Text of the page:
Peterson’s Straw Man diagnosis of campus social justice activists is concisely put here:
Peterson attributes a fairly sophisticated, if utterly wrong headed, theoretical framework to so called SJWs. He sees Political Correctness as based on an impure amalgam of Marxism and Postmodernism. I too think that Marxism and Postmodernism are terrible things and not just for the reasons Peterson articulates so well. But I think he is mistaken in his blanket attribution of Marxism and Postmodernism to social justice activists. I think Peterson hasn’t done enough field work to give an accurate diagnosis of the psychology and motivation of the average social justice promoting member of the campus community. For there just aren’t that many social justice activists that are this theoretically committed. However, social justice activists do tend to be pretty evidence based in ways Peterson’s analysis completely ignores.
What is most present to mind among, say Black Lives Matter activists is the historical legacy and ongoing perpetuation of a clearly unjust and often brutal practices. The specific injustices complained of would be clear injustices on any number of theoretical approaches, but perhaps not clearly so unjust on a marriage of Postmodernism and Marxism. In any case, theoretical commitments aren’t what really matters to the social justice crowd, at least not on my campus.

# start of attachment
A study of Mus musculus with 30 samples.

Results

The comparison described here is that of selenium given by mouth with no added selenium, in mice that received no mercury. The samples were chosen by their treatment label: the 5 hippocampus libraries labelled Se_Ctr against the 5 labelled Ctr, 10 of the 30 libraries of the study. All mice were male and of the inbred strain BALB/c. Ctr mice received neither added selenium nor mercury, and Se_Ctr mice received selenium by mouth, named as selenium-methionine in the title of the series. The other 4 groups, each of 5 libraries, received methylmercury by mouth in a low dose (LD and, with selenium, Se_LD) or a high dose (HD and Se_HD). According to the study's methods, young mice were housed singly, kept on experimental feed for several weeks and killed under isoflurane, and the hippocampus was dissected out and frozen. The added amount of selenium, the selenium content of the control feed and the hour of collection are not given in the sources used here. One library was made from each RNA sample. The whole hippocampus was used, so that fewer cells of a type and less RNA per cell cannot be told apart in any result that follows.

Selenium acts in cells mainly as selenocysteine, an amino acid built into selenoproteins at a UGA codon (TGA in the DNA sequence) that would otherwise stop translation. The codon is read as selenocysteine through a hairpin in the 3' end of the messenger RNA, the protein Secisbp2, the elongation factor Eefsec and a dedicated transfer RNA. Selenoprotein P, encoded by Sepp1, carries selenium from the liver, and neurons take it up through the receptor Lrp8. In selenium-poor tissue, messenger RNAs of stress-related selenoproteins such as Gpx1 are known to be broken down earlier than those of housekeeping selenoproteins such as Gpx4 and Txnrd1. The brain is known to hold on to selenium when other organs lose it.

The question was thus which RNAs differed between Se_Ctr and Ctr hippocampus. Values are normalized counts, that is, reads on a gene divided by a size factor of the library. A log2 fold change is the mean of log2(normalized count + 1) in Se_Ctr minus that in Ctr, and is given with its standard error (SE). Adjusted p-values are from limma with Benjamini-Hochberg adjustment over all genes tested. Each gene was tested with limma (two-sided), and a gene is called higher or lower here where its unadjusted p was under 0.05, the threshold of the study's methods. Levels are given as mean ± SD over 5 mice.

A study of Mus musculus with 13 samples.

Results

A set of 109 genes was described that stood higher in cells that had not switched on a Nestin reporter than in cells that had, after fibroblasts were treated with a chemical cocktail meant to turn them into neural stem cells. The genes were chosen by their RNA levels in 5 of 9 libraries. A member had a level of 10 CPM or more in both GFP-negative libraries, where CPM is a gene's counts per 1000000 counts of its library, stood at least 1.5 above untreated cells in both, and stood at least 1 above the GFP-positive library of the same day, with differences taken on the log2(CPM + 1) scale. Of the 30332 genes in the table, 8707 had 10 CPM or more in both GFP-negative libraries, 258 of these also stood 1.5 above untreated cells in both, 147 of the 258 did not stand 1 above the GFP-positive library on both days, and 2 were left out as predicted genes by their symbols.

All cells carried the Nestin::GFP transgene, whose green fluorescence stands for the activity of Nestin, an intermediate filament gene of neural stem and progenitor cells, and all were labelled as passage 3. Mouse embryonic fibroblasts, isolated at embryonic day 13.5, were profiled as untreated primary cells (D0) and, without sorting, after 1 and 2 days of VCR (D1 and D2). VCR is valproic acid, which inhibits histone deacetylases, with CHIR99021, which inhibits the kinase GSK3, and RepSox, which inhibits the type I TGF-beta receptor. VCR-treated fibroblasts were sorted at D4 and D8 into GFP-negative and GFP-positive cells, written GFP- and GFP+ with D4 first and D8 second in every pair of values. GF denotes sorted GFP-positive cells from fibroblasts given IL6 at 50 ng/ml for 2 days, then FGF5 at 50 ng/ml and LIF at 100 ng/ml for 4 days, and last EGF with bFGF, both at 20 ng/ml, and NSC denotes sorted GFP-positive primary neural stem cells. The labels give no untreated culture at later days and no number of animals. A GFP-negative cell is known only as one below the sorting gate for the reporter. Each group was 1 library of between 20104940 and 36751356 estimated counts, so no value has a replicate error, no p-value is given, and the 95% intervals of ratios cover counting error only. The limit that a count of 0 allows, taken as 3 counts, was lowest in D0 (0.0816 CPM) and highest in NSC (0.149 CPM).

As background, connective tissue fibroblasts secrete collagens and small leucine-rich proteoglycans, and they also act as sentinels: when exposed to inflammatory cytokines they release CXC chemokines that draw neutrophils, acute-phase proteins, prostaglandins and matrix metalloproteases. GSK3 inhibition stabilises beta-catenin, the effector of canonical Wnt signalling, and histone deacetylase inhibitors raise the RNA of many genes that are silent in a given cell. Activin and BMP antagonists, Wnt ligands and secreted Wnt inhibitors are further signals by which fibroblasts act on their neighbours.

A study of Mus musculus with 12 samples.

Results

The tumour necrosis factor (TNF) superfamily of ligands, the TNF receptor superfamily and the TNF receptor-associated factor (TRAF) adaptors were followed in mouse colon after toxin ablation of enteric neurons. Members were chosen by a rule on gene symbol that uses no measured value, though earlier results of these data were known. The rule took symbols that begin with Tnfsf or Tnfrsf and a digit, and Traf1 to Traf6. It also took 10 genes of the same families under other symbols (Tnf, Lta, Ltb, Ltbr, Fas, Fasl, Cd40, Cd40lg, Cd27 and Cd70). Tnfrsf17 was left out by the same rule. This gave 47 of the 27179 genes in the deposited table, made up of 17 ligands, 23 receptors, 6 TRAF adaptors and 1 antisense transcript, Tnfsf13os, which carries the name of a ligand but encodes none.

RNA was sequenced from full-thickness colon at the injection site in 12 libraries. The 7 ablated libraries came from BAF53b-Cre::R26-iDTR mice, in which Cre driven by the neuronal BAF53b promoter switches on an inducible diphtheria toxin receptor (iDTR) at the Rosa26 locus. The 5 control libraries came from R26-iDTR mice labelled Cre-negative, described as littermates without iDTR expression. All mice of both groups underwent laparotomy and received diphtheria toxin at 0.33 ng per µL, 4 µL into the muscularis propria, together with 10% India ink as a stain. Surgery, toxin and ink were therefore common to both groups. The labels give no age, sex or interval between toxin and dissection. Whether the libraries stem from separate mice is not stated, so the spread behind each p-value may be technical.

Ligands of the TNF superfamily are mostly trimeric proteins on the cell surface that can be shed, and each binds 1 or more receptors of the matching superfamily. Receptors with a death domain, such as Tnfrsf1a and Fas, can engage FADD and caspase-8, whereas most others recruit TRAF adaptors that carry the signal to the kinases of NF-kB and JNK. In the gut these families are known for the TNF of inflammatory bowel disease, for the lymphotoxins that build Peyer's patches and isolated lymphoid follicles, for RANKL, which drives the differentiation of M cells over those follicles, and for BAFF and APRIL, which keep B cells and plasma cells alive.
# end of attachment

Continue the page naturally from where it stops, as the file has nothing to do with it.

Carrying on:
Trans people not getting murdered matters. Black people not getting harassed by the police matters. Women not getting sexually harassed in the workplace matters. You certainly don’t need to think that the interests of groups supersedes that of individuals to make sense out of this. The more noxious forms of Identity Politics occasionally make brief appearances in the form of uncritically invoking some hackneyed relativistic cliches, but we’d just be mistaken to attribute sophisticated if incoherent and self-defeating theoretical perspectives to folks on this thin basis.
Of course we do talk about groups in diagnosing systemic injustices, especially those groupings that have have served as the bases of historically well documented injustices. But this doesn’t demand that we take groups to matter more than individuals. We can quite coherently contend, as most people ordinarily do, that groups are mere abstractions, having no real existence apart from the members that make them up, and still be on the look out for unfair disadvantages that people face because they are black, or trans, or women. Even the current slogans avoid the mistake of reifying groups. Its, “Black lives matter” not “Blackness matters” and its “me too”, not “please also consider the collective identity of women.”